Memphis is a movement which took place during the postmodernism period. Inspired by a few converging similar movements such as Art Deco, Pop Art, Op Art, Anti-design and the emerging postmodernism which would come to pervade everything from furniture to film to music. Despite its name, the movement begun in Milan, Italy. It is distinguished by the aesthetics of Memphis Group, an Italian Postmodern design collective founded by Ettore Sottsass in 1981. The signature of Memphis piece combined geometric shapes from an array of materials in funky bright, contrasting colours. It was a remarkable departure from the underrated modernist design that had been in trend for decades. Their first work was formally introduced at the 1981 Milan Furniture Fair, an outrageous display of furnishings mocking the presentations of ‘Good Designs’. Later in 1986, Sottsass left the group with a thought that the group will evolve once its principal members leave. Though the Memphis group disbanded after a mere seven years, their legacy had left a powerful impact in design world. The designs that emerged from the Memphis Group had defined the boundary-pushing postmodernism of the ’80s.

Back to the 60s, it was a decade of revolutionary change which was mainly due to the baby boomers and their student movement. The media and design industries started to cater to this new audience. They drew ideas from within the art world to attract attention. A few emerging movements began to influence how Memphis style is later formed.  Memphis style has been described as “a shotgun wedding between Bauhaus and Fisher-Price”. The main key characteristics of their playful design includes the use of bold expressive texture, unorthodox shapes and contrasting materials which results to a cartoonish, wacky and whimsical appearance. Memphis movement is inspired by the bold geometric forms of Art Deco, the colour palette of Pop Art. Pop art (1958-1972) was originated in United States and United Kingdom. It is inspired by mass consumerism, popular culture and explosions of popular prints. They place emphasis on fun, change, variety, irreverence and disposability. Pop Art openly questioned the law of good design, rejecting modernism and its values. It is cheap and often poor quality which favoured expendability over durability. These values of Pop Art can be seen in Memphis style.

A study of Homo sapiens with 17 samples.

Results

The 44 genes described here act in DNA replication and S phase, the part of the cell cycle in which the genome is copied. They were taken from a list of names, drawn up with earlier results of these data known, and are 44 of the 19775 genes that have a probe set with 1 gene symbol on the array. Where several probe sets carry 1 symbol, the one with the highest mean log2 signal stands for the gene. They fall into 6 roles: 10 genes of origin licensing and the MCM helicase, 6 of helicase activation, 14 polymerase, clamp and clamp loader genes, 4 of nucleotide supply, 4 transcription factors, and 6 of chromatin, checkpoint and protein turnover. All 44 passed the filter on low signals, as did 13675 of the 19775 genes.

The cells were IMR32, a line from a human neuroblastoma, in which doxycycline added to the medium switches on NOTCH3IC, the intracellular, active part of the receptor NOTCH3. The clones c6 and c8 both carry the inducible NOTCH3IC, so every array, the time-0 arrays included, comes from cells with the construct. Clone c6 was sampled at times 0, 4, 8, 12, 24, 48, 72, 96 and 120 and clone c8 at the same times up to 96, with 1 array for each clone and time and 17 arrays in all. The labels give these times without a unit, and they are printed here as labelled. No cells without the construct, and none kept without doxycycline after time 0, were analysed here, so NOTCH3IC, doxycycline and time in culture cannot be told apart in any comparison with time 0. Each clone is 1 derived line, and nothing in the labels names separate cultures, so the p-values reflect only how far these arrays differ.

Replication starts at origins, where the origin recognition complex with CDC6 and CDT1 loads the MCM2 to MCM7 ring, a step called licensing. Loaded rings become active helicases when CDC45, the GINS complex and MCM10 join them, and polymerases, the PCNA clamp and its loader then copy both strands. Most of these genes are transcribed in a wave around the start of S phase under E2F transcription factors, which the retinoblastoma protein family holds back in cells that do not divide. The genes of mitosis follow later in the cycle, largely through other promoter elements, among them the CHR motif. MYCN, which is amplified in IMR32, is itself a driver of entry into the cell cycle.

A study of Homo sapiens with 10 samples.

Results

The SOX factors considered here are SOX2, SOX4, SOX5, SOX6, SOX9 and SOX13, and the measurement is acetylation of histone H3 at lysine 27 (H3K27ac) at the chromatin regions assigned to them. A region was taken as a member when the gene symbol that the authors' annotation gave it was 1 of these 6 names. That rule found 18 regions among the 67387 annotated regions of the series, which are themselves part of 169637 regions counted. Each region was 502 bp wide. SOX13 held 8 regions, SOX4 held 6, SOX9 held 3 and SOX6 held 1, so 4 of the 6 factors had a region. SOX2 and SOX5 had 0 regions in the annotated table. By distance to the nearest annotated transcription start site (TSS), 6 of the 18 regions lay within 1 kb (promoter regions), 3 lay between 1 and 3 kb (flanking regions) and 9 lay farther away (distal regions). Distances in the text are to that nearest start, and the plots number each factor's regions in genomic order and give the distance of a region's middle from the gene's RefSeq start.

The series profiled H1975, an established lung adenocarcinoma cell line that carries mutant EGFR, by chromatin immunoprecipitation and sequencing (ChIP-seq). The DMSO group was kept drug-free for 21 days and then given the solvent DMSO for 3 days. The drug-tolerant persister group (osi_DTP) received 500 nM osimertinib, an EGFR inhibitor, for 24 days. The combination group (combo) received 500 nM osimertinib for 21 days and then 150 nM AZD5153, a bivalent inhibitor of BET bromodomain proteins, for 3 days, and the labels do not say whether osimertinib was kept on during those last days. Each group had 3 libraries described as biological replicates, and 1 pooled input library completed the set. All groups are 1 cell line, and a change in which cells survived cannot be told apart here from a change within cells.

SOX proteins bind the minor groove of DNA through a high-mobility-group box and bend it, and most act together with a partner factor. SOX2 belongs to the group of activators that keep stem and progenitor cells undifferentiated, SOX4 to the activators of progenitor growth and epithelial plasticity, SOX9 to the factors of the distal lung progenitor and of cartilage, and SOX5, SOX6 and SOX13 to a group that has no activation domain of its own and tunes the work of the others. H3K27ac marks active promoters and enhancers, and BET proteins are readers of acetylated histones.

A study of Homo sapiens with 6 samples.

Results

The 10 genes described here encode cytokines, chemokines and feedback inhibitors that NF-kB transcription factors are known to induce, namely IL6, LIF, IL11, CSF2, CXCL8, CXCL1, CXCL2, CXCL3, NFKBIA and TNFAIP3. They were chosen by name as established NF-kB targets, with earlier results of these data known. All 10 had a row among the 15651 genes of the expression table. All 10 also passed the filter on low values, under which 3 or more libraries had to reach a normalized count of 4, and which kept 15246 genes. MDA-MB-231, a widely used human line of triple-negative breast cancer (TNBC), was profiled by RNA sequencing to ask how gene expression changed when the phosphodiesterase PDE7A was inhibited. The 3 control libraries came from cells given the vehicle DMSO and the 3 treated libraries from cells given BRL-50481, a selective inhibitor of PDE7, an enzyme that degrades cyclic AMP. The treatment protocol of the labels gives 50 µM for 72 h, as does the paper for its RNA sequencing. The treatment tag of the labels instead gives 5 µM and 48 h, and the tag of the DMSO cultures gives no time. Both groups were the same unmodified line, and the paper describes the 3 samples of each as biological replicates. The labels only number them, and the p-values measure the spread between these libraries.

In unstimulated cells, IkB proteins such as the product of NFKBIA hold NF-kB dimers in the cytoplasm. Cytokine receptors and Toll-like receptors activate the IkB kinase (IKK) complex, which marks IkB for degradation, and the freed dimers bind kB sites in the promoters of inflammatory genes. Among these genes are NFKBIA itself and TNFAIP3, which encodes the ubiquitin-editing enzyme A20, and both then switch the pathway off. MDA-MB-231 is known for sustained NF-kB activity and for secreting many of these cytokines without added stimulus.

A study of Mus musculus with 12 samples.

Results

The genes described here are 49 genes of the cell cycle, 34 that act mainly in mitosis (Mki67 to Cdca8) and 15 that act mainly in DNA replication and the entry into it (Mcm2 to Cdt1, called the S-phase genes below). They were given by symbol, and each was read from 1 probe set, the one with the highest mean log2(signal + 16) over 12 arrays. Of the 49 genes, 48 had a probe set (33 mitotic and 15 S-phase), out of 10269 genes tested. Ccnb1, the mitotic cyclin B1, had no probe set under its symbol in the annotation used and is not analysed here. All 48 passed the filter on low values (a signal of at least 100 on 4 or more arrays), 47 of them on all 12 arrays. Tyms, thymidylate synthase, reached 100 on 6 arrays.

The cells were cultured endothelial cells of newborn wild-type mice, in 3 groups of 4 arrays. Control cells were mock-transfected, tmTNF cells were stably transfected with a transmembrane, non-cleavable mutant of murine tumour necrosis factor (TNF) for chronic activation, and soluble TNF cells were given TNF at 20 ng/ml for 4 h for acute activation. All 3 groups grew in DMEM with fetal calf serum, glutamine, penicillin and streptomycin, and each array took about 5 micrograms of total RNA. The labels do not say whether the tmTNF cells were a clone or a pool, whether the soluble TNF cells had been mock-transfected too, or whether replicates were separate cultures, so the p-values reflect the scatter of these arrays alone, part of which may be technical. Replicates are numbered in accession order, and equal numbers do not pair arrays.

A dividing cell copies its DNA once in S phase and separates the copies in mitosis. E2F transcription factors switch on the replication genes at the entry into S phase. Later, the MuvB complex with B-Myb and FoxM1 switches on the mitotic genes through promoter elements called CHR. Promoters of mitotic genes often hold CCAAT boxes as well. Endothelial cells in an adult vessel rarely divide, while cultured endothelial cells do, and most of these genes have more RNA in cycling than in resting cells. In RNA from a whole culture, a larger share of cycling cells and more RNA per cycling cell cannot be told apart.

Besides Pop Art, Op Art (1965-1973) was one of the key inspirations of Memphis style. The characteristics of Op Art is that they put a strong emphasis on geometrical abstraction and repetition of pattern and lines. First, they started off in black and white and then began to transit in vibrant colour, making use of both positive and negative spaces. Anti-Design movement also came about in the 60s, in 1966. It was originated in Italy, also known as the Radical Design. They embraced exaggerated and expressive qualities to derail the functional value of an object. Ettore Sottsass Jr. was a key spokesman of the Anti-Design movement. He later became one of the key founding members of Memphis movement. The characteristics of anti-design are vibrant colours, unusual form and design and the use of irony and kitsch. These characteristics would later become the hallmarks of Postmodern design and then influence Memphis design.

Postmodernism was originated in Italy. It is a broad movement that emerged in the 1960s, become prominent in the late 1970s/1980s and remained a dominant force till today. The movement largely has been a reaction against the simplicity and structural design approach of the modern architecture and international style. This movement emerge after World War II as a backlash to the perceived failings of modernism. Some graphic design styles that emerged in the postmodernist era were New Wave Typography including the Italian Memphis Group. Postmodern design did not consist of one unified graphic style, the movement was an expressive and playful time for designers. Recently there is a comeback of Memphis Design in 2005 and 2006 in fashion, ceramic, sculpture, graphic. After Ettore’s death in 2007, interest in Memphis design was re-awakened in a big way. A founding member of the group, Nathalie Du Pasquier — designed a collection of patterns for American Apparel 2014 collection. This marks an indication that Memphis style is back.